In a recent study conducted by researchers at the University of Colorado at Boulder, shower heads were found to contain bacteria potentially dangerous to those that had weakened immune systems. Moreover, the researchers found that not only will cleaning with bleach not kill the bacteria, but in one case the levels were found to be three times higher post cleaning. 

While the risk to those in good health is low, the question remains how can a shower head effectively be cleaned?
 
Shower Head Cleaning TipsAccording to an FAQ document provided by Laura K. Baumgartner, Ph.D., a researcher who worked the project, shower heads are full of nooks and crannies that provide an ideal home for bacteria and other microbes. This also makes cleaning them very hard. Even though products with bleach remove many microbes, these mycobacteria grow back (and chlorination does not keep them out) after cleaning.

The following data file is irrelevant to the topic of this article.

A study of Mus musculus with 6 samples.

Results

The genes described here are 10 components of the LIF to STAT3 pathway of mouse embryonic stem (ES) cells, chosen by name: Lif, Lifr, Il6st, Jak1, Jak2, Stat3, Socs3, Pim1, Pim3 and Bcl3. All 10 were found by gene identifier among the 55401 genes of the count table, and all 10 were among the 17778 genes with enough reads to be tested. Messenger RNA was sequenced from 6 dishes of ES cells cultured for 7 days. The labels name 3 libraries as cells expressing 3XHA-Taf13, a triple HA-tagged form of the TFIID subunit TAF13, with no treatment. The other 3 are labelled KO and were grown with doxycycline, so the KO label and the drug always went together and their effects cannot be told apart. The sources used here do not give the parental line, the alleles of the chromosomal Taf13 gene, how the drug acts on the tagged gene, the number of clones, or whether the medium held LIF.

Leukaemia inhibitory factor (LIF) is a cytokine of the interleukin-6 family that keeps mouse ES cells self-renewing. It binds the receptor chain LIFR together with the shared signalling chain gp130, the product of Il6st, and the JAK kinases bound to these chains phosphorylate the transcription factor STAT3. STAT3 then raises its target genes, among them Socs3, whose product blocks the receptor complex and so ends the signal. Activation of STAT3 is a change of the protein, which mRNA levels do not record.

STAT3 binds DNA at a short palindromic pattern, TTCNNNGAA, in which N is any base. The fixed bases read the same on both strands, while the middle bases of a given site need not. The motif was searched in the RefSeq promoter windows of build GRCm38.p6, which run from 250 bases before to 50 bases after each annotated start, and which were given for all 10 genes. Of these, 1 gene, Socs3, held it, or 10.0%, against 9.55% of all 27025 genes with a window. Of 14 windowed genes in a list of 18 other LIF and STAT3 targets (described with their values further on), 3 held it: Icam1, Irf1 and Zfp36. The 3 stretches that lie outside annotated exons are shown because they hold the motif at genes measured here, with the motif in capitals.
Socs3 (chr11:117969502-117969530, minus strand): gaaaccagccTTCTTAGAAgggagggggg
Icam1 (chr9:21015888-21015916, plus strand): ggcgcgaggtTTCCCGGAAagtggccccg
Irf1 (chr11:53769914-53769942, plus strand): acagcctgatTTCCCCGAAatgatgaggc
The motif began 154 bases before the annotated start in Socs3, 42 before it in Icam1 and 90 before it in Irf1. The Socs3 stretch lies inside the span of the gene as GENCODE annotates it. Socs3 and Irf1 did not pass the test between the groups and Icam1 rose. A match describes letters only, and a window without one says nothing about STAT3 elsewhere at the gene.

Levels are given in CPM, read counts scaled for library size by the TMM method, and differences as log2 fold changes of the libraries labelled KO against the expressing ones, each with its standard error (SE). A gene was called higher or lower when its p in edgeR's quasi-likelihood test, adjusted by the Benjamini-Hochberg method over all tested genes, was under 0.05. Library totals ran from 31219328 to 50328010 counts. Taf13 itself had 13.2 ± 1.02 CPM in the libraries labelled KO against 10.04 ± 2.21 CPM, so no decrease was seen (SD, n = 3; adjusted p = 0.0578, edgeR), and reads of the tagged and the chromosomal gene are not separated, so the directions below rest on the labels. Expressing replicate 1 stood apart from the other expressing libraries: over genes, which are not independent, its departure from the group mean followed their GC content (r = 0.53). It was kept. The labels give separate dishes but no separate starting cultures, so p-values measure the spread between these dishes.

For most people, this is not really a concern. If you are immune compromised, you might want to consider changing out your shower head regularly. Additionally, microbes attach more easily to plastics than metal - if you are concerned, you may want to hunt down an all-metal (not metal-coated plastic) shower head.
 
However, Baumgartner suggests that people who have an immune issue (or are otherwise concerned) can:
  • Install an all-metal shower head (not metal-coated plastic), as many studies have shown that bacteria attach and grow better on plastic than metal
  • Change out your shower head every six months
  • Install a filtering shower head. There are several designed those that have immune issues such as this shower head, which was found effective in another study.
  • Take baths, which will create fewer aerosols.
Most importantly, the researchers do not believe that taking a shower is dangerous.  The best practice is to simply stay outside of the shower when you first turn it on, as that first blast may contain a higher load of bacteria.